Unveiling Accountability: Analyzing the Impact of the Economic Crime and Corporate Transparency Act 2023 on Company Governance and the new objectives and powers of the Registrar of Companies

6 February 2024


The Economic Crime and Corporate Transparency Act (ECCTA) received Royal Assent on 26 October 2023. The Act is intended to strengthen the powers of law enforcement agencies, improve transparency over UK companies, make it easier to prosecute corporates for certain financial crimes, and introduce a new failure to prevent fraud offence. This article concentrates on ECCTA reforms to the role and powers of the Registrar of Companies. Louise Smyth, Registrar of Companies for England & Wales (Registrar) confirmed on 3 January 2024 that the ECCTA will result in certain changes to UK company law and that these will be implemented from March 2024.

Under the existing provisions of the Companies Act 2006 (2006 Act) the role of the Registrar is to register company information and make it available for public inspection. Part 35 of the 2006 Act givers the Registrar certain administrative powers in relation to the register but these powers are constrained in the Registrar’s ability to ensure and verify the integrity and veracity of the information on the register. The ECCTA provides for new objectives for the Registrar to improve the accuracy and integrity of information on the register, and gives the Registrar new powers whilst enhancing existing powers to support the Registrar in implementing those objectives.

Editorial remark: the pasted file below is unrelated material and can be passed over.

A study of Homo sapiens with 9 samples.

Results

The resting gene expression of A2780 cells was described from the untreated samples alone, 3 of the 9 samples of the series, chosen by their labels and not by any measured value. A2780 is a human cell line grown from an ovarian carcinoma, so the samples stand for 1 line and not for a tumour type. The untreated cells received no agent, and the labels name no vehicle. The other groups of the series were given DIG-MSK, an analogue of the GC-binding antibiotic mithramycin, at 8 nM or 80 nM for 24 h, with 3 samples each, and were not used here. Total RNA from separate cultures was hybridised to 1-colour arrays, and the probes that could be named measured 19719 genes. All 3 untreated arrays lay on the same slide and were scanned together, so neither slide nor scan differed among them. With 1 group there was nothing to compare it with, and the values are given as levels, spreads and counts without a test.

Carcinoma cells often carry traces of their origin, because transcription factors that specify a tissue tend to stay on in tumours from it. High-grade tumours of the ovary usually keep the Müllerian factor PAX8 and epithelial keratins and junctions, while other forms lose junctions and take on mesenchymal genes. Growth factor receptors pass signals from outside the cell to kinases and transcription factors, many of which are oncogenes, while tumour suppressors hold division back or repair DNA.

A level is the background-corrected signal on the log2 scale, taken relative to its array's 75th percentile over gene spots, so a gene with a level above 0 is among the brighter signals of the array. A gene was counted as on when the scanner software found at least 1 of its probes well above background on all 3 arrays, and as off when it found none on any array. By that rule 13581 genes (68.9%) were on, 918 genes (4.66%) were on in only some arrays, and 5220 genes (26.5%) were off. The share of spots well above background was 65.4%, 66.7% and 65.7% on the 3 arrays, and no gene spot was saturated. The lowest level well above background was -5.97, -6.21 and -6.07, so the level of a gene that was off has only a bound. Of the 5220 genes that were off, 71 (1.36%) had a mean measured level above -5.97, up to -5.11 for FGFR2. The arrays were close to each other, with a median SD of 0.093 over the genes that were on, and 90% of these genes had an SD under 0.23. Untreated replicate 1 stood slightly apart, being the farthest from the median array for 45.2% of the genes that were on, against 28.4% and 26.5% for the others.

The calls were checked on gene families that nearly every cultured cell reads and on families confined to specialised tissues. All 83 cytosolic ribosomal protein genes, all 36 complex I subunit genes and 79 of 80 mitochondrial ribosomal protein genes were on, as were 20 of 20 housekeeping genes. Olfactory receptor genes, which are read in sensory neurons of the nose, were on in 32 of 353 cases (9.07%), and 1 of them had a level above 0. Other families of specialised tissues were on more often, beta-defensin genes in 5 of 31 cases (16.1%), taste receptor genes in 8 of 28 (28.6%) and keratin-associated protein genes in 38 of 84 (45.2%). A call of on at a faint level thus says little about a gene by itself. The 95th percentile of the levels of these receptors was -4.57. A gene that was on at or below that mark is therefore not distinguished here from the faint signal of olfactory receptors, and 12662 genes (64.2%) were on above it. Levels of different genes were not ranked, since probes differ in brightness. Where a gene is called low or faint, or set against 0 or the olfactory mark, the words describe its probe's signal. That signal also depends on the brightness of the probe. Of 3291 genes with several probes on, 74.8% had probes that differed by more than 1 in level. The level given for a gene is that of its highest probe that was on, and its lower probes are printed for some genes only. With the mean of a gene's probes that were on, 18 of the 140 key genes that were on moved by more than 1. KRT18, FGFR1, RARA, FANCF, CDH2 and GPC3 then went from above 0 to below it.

Relevant changes to UK Company Law

The government has published a website which contains sections on the main changes to be implemented by ECCTA – https://changestoukcompanylaw.campaign.gov.uk

The new powers include:

  • Greater powers for Companies House to query information, such that it will be able to scrutinise and reject information that appears incorrect or inconsistent with information already on the register. In some cases, it will be able to remove information.
  • Stronger checks on company names that may give a false or misleading impression to the public.
  • New rules for registered office addresses which will mean that all companies must have an appropriate address at all times. Companies will not be able to use a PO Box as their registered office address.
  • A requirement for all companies to supply a registered email address.
  • A requirement for all companies to confirm on incorporation that they are forming the company for a lawful purpose and annually that the company’s future activities will be lawful.
  • Annotations on the register to let users know about potential issues with the information that has been supplied to Companies House.
  • Taking steps to clean up the register, using data matching to identify and remove inaccurate information.
  • Sharing data with other government departments and law enforcement agencies.


UK companies and their advisors need to be aware of the new rules when collating information required to incorporate a new UK corporate entity to entered on the Register.


John McMahon
Partner - Corporate, Commercial
John McMahon is a Partner Solicitor at Spencer West. He specialises in M&A, Corporate Finance, MBO/MBI, Rights issues, Start Ups, Shareholder Agreements, Finance and Security, Joint Ventures, Restructuring.